Submitted by Niki Ganjeizadeh on the 2020 winter session study abroad program in Kenya and Tanzania sponsored by the School of Nursing…
Mount Meru is a medical clinic in Arusha, Tanzania. I worked primarily in the labor and delivery ward this week, but had been in the emergency department the week before. In the labor ward, most of the beds were taken up on both the labor side and postpartum side of the floor. There were busier days than others and my last day here was one of them.
In the midst of the chaos, I observed what was not only poor patient care, but that bordering on abuse. The nurses were impatient and aggressive with the mothers, hitting them with a wooden stick when they pulled away, or cried out in pain. Thankfully, both the mothers I was with delivered healthy babies. The delivery seemed to be the only moment of serenity, but not long after the repair process for stitching up the tearing began. Nursing students with only a year of experience were allowed to do the stitching, not even waiting for the Lidocaine to kick in to begin… it was difficult to watch. Finally, having enough, I tried to suggest they wait and stitch closer. I was just pushed aside and my comments were disregarded.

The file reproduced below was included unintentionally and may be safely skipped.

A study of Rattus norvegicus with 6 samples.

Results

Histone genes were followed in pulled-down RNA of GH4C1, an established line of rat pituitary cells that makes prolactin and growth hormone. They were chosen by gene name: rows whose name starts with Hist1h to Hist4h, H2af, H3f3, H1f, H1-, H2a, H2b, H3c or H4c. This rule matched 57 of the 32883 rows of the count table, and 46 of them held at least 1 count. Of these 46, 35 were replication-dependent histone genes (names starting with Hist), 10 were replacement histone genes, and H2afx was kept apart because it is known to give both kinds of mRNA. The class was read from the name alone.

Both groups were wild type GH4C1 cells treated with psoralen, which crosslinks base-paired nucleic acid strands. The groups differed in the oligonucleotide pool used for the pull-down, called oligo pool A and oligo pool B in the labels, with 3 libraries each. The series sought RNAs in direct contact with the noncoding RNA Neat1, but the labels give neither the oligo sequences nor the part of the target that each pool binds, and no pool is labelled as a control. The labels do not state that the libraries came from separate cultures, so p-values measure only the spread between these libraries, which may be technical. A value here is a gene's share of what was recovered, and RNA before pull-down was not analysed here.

While it is difficult to stand next to nurses who treat patients in such an inhumane way, I remind myself that being there for the mothers is why I am here. There is so much you can do for a patient, even if you do not speak the same language. I could not communicate with the mothers, but pain and thankfulness looks the same in every language. Through non-verbal communication, I could tell the mothers were thankful I was there to hold a hand, or advocate for them, even when they had to endure what was happening. To me, this is what being a nurse means, being able to understand your patient even when they cannot tell you exactly what they want.